Last week I asked: Where was Hawaii’s famous leper colony?
On the island of Molokai.
If I was going to move to Hawaii, which I am not considering, I would pick the island of Molokai.
When John and I left the airport in our rental car we liked the sign that said, “Aloha, Slow Down this is Moloka’i. No windmills or cables.”
They like to say that the island is a step into the 50s and they want it to stay that way.
For some, especially the young people, it is just too quiet. For us, it was perfect.
Molokai is Hawaii’s fifth largest island and only 38 miles long and 10 miles wide.
There are less than 8,000 inhabitants and nearly half are of Hawaiian descent so it is called “The Most Hawaiian Island.”
We rented Condo 207 at Molokai Shores.
It was lovely with a kitchen, bedroom, living room and a balcony.
We had access to the beach, swimming pool, and laundry; and, as one might expect, very quiet.
We went shopping in the one main supermarket.
They had everything but things are expensive because it is an island and everything has to be imported.
Molokai is always quiet but even more so on Sunday when most things are closed.
Even on week days there is very little traffic so exploring the island is stress-free.
We would have liked to visit Kalaupapa National Historical Park which preserves the leper colonies that were established in the mid-1800s to isolate those with leprosy (better known as Hanson’s disease).
I recall reading about it in James Michener’s epic, “Hawaii.”
The disease has been curable since 1940, but some people still remain in the settlement.
It is where Father Damien, Hawaii’s first saint, dedicated his life to improving the conditions of those afflicted.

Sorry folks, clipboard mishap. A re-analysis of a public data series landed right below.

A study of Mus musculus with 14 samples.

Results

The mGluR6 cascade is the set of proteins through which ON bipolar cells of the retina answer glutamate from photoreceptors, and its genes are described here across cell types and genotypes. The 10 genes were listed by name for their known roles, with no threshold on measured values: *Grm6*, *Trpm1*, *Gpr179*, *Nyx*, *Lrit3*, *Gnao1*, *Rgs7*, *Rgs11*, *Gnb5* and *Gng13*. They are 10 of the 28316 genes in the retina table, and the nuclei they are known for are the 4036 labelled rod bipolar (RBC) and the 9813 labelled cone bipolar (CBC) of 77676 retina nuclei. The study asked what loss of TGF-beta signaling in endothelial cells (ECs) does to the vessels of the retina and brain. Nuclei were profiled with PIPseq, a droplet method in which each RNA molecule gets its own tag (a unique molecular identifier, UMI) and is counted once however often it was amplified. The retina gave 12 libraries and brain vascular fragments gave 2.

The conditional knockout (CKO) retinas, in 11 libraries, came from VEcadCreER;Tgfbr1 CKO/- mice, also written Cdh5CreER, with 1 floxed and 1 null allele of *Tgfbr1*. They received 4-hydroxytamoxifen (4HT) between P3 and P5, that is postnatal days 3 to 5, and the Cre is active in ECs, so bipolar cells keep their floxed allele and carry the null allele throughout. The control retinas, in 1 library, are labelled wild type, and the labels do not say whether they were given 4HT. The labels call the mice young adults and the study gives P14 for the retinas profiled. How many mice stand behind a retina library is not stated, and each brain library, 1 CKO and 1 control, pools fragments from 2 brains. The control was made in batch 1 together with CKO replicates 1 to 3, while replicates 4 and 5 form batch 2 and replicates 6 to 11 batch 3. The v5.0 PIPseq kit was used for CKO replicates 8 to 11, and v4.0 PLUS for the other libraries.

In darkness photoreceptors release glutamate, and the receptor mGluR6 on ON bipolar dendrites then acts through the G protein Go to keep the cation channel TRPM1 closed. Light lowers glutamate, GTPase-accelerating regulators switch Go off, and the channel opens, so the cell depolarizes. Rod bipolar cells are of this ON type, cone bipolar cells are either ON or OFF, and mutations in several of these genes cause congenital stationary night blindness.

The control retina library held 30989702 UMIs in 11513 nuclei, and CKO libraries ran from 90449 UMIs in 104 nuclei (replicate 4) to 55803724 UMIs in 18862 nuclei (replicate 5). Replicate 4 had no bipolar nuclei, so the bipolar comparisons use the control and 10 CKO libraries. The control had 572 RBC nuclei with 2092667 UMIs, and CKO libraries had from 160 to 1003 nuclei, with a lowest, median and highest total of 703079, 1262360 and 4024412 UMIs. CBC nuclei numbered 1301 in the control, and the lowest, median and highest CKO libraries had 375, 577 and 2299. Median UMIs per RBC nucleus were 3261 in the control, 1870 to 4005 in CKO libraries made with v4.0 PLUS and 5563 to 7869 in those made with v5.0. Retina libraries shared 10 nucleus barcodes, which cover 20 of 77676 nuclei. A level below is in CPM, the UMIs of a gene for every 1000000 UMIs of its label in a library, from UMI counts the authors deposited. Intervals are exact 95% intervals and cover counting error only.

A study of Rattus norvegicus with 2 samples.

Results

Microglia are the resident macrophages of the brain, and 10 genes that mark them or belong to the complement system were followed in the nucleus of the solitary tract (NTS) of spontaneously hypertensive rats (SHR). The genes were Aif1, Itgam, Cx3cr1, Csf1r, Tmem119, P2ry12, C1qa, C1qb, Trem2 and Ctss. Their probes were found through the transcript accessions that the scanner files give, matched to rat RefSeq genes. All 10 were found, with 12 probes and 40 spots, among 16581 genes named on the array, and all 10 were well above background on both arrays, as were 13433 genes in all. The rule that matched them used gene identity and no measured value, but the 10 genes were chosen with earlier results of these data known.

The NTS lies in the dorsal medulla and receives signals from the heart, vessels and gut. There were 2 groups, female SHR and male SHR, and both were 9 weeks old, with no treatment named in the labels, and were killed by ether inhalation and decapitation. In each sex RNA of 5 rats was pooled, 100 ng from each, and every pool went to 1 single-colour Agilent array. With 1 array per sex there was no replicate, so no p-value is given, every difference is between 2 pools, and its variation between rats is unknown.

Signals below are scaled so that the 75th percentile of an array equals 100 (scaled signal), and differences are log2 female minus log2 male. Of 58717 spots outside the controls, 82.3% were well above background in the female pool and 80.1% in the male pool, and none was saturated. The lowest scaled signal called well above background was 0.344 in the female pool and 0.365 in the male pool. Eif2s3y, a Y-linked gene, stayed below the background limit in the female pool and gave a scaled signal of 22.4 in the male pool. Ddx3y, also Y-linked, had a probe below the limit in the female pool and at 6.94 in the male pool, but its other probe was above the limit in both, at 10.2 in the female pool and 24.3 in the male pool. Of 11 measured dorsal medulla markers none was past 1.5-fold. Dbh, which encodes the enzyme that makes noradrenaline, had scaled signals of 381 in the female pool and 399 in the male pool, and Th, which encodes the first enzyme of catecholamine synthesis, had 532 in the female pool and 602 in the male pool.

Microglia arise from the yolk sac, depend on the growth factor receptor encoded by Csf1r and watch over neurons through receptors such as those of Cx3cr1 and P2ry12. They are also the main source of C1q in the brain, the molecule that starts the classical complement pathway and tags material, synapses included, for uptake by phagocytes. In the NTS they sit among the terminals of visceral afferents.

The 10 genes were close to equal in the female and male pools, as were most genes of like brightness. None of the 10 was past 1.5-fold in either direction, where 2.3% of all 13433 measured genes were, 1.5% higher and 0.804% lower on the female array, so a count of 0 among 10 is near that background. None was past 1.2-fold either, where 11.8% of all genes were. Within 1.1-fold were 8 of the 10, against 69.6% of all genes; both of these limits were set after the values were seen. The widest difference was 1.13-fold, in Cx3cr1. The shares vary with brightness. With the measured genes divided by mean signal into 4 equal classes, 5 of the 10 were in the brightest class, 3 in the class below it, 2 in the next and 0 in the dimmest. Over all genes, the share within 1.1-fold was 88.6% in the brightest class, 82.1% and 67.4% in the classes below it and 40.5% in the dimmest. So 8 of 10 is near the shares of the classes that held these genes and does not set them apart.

The settlement is on a spit of land surrounded by the world’s highest cliffs.
There are two ways to visit.
One is to fly in on a helicopter and the other by mule down the cliff trail.
We decided to opt for a view from above.
We drove to the Kalaupapa Lookout where a short trail led to an area with a view overlooking Father Damien’s settlement.
Storyboards told about the colony.
On our return we stopped at the Meyer Sugar Mill which is on the National Register of Historic Places.
There is a small museum.
They will also organize a Pa’ina (the Hawaiian word for luau) with a hula dancer.
Molokai is where the hula originated.
We also took the road west across the middle of the island.
The coffee shop that advertised free music was closed so we continued on to the town of Maunaloa seeing nary a soul.
The village is quaint and the center of attraction was the Big Wind Kite Factory which offers handmade kites along with classes for kids.
The owners, Daphne and Jonathan, started the Big Wind Kite Factory in 1980 and all the kites and windsocks are handmade in the back of the shop.
The gift shop has a fascinating collection of artifacts and gifts from around the world.
For a place with such a small population there are several small but attractive places of worship.
As one might expect there is snorkeling, fishing, surfing and other water fun activities.
Hiking in Halawa Valley, which was settled by Polynesians around 650 AD, is a popular activity especially to the double-tiered 250-foot Mooula Falls.
We found Molokai a great place in which to kick back.
Trivia Tease™: Where is the world’s most vertical city? Look for the answer next week.
Sandra and her husband, John, have been exploring the world for decades, always on the lookout for something new and unique to experience. We have sailed down the Nile for a week on a felucca, stayed with the Pesch Indians in La Mosquitia, visited schools in a variety of countries, and — to add balance to our life — stayed at some of the most luxurious hotels in the world. Let the fun continue!